By Alyssa Abel
It’s challenging to be a student while working – let alone keeping healthy and maintaining a healthy social life. Pulling it off requires positive habits and time-management savvy, but we know you’re up to the task.
When you work and attend university, saying that you’re busy is often an understatement. However, self-care is vital to performing at your best, and many people neglect their needs when things get hectic. How can you take online classes while working full-time and still enjoy time for yourself? You need to get organised and a be a bit bold in communicating your needs. You also need to nurture your physical body so it can handle the pressure.
Here are six tips for creating a healthy balance if you’re working and studying:
1. Invest in a planner
It doesn’t matter if you prefer the latest app or opt for an old-fashioned paper planner — it’s important to be able to identify potential schedule conflicts early so you can make arrangements. You don’t want your boss to assign you to a shift on the day before your exam.
Scheduling work, classes and schoolwork into the appropriate time slots is crucial to keeping up and allowing your brain time to recharge — plus, learning to prioritise is an essential skill you’ll carry with you into any career.
2. Talk to your employer
You owe it to yourself to discuss your scheduling needs with your employer. For best results, set up a one-on-one with your manager. Start by checking in with expectations — what am I doing that needs to change? What works about my approach? Then, go over important dates you'll need to be covered for and work together to find a solution to meet your needs without leaving your employer stranded without help.
3. Brush up on healthy meal prep
Many commercially available foods are stripped of crucial nutrients due to processing. Without the vitamins and minerals you need, you can start feeling sick and sluggish. Your mood will lower, and you might find it challenging to focus — which isn’t acceptable when you work and attend university.
Instead, learn how to use your least-busy day to prepare whole-food freezer meals so you always have grab-and-go nutrition. If you like to snack while studying, skip the chips and pretzels in favour of magnesium-rich nuts and phytonutrient-packed fruits and veggie strips.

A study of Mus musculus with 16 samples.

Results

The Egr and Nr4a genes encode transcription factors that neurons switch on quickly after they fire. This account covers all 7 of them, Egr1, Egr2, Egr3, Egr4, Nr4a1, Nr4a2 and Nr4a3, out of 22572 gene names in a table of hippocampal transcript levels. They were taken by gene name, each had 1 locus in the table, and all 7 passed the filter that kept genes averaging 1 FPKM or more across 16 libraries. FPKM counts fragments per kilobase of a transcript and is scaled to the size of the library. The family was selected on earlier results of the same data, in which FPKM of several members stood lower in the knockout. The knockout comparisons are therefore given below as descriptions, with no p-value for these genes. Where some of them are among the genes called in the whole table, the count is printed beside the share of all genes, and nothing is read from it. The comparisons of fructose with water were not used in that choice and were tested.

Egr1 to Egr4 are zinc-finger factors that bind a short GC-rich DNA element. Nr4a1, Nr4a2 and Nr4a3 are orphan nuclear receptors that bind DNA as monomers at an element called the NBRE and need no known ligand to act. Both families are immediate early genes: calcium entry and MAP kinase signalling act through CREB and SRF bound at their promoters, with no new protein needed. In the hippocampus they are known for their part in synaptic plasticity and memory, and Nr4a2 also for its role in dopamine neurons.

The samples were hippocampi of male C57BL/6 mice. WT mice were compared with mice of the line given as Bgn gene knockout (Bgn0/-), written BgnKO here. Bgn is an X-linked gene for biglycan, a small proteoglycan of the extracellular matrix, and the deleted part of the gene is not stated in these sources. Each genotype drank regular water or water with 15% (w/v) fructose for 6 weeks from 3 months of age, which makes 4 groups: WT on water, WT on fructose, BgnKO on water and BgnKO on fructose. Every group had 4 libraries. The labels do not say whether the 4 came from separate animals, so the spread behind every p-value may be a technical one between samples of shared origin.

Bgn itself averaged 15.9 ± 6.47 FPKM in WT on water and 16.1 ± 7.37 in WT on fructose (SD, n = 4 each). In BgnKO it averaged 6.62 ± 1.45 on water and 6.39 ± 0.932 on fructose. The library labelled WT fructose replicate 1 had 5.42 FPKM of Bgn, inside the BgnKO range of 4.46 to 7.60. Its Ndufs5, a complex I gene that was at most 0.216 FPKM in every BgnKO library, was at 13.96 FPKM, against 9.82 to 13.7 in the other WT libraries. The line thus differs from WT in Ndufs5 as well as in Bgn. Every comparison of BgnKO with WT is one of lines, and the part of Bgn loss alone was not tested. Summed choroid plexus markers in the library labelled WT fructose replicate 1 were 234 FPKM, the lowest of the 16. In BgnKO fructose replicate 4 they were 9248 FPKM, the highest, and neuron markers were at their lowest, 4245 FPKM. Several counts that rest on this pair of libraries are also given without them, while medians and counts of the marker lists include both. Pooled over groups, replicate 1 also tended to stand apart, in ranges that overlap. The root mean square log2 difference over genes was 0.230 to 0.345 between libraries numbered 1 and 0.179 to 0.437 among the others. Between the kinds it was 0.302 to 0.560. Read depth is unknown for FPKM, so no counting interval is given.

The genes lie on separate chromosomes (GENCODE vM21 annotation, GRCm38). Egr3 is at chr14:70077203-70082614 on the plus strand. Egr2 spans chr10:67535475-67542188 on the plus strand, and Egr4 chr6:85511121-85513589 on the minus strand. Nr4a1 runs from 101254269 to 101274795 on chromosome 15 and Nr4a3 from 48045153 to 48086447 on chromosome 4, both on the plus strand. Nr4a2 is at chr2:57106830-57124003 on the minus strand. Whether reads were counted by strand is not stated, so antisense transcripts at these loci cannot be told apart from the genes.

4. Move your body daily
According to the Department of Health, you need 150 to 300 minutes of moderate-intensity exercise or 75 to 150 minutes of vigorous activity weekly. That translates between 30 and 60 minutes daily, but you don’t have to pencil in that at the gym session.
Instead, go for a cumulative effect with mini workouts. If you drive to class instead of living on campus, park further away from the assigned building and walk. YouTube is ripe with free exercise videos — you can do anything from yoga to a Zumba routine in five minutes. There are many apps out there that feature shorter workouts.
5. Join a social club
You don’t want to overextend yourself — doing so can create more stress. That, in turn, depletes your physical and mental reserves. However, you do want to remember more than the grind when you reflect on your university years.
Find a social club that allows flexibility when you attend meetings and activities. You might enjoy a book group if you love to read, or the chess club if you prefer competition. Lacking time for gruelling sports practices doesn’t mean you need to miss out on camaraderie.
6. Make your bed welcoming
You need adequate shut-eye if you are to perform well academically — your mind processes and integrates new knowledge as you sleep. If you’re living on-campus, finding quiet and privacy can prove problematic, and the issue becomes more complicated if you work unusual hours. If you share a room and have the means, consider investing in a bed tent that gives you privacy, even when your roommate is 2 metres away. You'd also be wise to score some noise-cancelling headphones or earbuds to provide you with quiet from the people you live with.
Alyssa Abel is a college and career writer with a special interest in student life and health. Read more of her advice on her blog, Syllabusy.